U.S. Citizens Urged to Depart Iraq After Airstrike Kills Iranian General

A mock US flag is laid on the ground for cars to drive on in the Iraqi capital Baghdad on January 3, 2020, following news of the killing of Iranian Revolutionary Guards top commander Qasem Soleimani in a US strike on his convoy at Baghdad international airport. (Credit: AHMAD AL-RUBAYE/AFP via Getty Images)

A mock US flag is laid on the ground for cars to drive on in the Iraqi capital Baghdad on January 3, 2020, following news of the killing of Iranian Revolutionary Guards top commander Qasem Soleimani in a US strike on his convoy at Baghdad international airport. (Credit: AHMAD AL-RUBAYE/AFP via Getty Images)

The State Department urged US citizens Friday to leave Iraq immediately following an airstrike ordered by President Donald Trump that killed Qasem Soleimani, a key Iranian military commander at Baghdad International Airport.

“Due to heightened tensions in Iraq and the region, we urge U.S. citizens to depart Iraq immediately,” the State Department tweeted.

They also warned that citizens “should not approach” the embassy in Baghdad and that all consular operations are suspended “due to Iranian-backed militia attacks at the U.S. Embassy compound.” The Green Zone in Baghdad, which includes the US Embassy, was completely locked down by Iraqi security forces to prevent any emergency following the strike, two Iraqi security sources told CNN.

The State Department’s announcement comes hours after Trump ordered the airstrike that killed Soleimani, who was the head of Iran’s Islamic Revolutionary Guards Corps (IRGC) Quds Force unit and Abu Mahdi al-Muhandis, the deputy head of the Iran-backed Iraqi Popular Mobilization Forces (PMF).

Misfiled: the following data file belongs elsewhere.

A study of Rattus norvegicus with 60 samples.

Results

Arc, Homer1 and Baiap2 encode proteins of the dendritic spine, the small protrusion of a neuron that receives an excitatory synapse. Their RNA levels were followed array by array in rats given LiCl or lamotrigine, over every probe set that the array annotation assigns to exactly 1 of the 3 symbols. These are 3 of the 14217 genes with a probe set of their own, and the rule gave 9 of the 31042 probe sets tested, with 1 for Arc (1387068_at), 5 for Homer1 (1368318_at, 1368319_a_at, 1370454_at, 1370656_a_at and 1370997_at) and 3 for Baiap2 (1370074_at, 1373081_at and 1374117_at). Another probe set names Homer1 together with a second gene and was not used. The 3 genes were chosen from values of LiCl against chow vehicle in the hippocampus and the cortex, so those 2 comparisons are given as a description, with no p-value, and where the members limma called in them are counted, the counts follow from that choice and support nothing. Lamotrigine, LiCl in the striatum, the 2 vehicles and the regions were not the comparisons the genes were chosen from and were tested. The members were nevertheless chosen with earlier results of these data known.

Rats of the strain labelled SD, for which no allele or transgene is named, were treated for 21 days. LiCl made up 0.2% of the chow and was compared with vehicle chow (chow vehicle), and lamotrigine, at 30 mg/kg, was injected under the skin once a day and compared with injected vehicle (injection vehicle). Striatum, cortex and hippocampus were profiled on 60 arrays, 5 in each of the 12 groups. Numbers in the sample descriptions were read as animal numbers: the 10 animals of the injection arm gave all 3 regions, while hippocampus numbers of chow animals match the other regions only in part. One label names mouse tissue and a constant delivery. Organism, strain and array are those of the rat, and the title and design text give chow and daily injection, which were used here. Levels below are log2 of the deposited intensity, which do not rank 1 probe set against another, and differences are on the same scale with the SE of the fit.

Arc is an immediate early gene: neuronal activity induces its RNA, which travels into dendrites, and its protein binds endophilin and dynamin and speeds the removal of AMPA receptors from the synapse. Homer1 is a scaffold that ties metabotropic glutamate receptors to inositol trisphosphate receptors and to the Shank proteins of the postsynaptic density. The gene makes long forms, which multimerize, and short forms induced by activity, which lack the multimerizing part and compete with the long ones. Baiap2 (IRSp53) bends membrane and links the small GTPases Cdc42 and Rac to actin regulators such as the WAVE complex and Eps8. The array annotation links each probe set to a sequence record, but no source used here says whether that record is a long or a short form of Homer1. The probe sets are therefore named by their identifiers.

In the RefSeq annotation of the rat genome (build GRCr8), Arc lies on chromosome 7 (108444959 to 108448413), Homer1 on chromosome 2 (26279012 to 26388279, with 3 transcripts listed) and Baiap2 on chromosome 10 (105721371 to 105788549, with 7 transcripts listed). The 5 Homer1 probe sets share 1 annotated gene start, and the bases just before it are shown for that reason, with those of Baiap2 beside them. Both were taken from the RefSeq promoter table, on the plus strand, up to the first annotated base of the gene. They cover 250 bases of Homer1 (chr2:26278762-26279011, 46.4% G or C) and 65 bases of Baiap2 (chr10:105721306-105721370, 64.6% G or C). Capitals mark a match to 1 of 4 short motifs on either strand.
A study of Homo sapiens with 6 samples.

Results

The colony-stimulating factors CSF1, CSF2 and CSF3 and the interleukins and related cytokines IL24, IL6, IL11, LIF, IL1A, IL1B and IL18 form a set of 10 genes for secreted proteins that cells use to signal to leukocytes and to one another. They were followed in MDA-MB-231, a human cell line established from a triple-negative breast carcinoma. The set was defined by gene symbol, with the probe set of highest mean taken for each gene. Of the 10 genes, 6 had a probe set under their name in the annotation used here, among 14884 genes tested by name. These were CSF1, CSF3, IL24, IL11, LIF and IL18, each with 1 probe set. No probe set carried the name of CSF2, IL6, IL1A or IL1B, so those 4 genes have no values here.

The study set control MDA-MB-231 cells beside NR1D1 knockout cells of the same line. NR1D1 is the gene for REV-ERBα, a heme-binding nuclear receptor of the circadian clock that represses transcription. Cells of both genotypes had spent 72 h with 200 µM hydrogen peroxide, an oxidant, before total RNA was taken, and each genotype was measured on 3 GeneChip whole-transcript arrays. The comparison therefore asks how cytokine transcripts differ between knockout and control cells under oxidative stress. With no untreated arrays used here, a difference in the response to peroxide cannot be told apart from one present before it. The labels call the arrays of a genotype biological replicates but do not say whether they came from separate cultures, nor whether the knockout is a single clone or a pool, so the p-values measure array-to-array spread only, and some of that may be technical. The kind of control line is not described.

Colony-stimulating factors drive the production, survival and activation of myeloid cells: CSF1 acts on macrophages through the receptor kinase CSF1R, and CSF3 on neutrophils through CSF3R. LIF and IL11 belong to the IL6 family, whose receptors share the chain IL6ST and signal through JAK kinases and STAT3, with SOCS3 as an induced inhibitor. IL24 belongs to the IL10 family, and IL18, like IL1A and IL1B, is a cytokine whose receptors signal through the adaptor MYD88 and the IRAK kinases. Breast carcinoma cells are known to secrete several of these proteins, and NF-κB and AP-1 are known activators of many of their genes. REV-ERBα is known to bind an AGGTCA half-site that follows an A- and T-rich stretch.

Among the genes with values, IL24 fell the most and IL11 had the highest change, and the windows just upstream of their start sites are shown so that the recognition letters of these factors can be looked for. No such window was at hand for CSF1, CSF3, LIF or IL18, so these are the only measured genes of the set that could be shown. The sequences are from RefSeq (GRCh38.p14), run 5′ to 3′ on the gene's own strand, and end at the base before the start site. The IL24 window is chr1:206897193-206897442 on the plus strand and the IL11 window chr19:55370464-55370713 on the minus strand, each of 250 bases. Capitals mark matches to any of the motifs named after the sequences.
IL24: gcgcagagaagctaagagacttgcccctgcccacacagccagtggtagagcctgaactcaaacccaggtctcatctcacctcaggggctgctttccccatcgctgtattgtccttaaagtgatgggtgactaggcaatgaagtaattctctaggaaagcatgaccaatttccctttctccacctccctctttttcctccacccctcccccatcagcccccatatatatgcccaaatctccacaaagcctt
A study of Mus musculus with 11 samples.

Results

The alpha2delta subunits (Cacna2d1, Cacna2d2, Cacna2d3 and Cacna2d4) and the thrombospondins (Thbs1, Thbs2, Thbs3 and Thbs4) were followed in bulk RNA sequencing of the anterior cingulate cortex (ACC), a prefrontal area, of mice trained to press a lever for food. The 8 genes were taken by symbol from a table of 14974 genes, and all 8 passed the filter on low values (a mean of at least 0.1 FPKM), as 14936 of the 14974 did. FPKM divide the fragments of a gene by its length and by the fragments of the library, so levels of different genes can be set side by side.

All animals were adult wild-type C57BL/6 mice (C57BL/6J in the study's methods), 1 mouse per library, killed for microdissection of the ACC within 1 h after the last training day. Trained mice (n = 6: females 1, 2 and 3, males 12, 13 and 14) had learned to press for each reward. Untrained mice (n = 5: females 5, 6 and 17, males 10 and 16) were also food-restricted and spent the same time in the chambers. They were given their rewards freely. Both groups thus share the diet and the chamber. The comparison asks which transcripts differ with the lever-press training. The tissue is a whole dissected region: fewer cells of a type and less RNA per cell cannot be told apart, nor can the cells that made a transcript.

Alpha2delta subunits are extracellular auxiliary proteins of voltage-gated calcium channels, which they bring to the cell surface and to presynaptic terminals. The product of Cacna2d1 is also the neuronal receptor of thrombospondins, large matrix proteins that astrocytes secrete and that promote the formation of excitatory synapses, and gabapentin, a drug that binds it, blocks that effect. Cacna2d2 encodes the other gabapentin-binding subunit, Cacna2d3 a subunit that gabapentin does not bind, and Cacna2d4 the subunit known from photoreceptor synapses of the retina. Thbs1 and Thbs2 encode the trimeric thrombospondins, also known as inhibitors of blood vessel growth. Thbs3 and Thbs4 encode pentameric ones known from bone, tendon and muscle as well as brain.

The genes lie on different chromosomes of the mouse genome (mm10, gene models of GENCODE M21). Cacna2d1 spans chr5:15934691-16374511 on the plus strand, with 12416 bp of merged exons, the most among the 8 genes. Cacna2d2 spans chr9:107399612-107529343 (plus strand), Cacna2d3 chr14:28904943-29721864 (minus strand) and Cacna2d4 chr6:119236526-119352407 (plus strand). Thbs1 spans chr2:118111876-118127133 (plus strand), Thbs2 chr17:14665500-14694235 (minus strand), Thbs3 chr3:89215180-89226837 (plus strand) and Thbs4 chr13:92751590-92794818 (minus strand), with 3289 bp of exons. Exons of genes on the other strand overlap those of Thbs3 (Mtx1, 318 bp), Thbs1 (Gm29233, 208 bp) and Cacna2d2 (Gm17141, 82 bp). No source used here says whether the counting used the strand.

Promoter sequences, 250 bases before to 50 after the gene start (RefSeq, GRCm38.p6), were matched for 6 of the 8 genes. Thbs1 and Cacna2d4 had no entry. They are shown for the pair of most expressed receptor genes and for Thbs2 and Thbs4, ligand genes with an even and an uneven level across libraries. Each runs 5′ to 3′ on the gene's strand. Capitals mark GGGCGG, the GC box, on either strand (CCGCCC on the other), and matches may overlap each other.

The killing of the top military leader marks a major escalation in tensions pitting Tehran against the US and Washington’s Gulf Arab allies in the region.

Iran’s Supreme Leader, Ayatollah Ali Khamenei, vowed revenge for the killing, saying that “harsh revenge awaits the criminals” involved.

Earlier this week, protests broke out in front of the US Embassy in Baghdad after the US carried out airstrikes on five facilities in Iraq and Syria, which it said were linked to an Iranian-backed group, killing dozens of people.

Trump blamed Iran for Tuesday’s attack on the US Embassy in Baghdad, and warned Iran’s leaders they would be held responsible for any deaths or destruction at the embassy.

According to a State Department statement, the US Consulate General in Erbil in northern Iraq will continue to be open for visa and American Citizen Service appointments.

The French government has also warned citizens to stay away from any gatherings in Iran. A statement on the French Embassy’s website on Friday advised them to stay “prudent and discreet.”

It also recommends people do not take pictures in public spaces.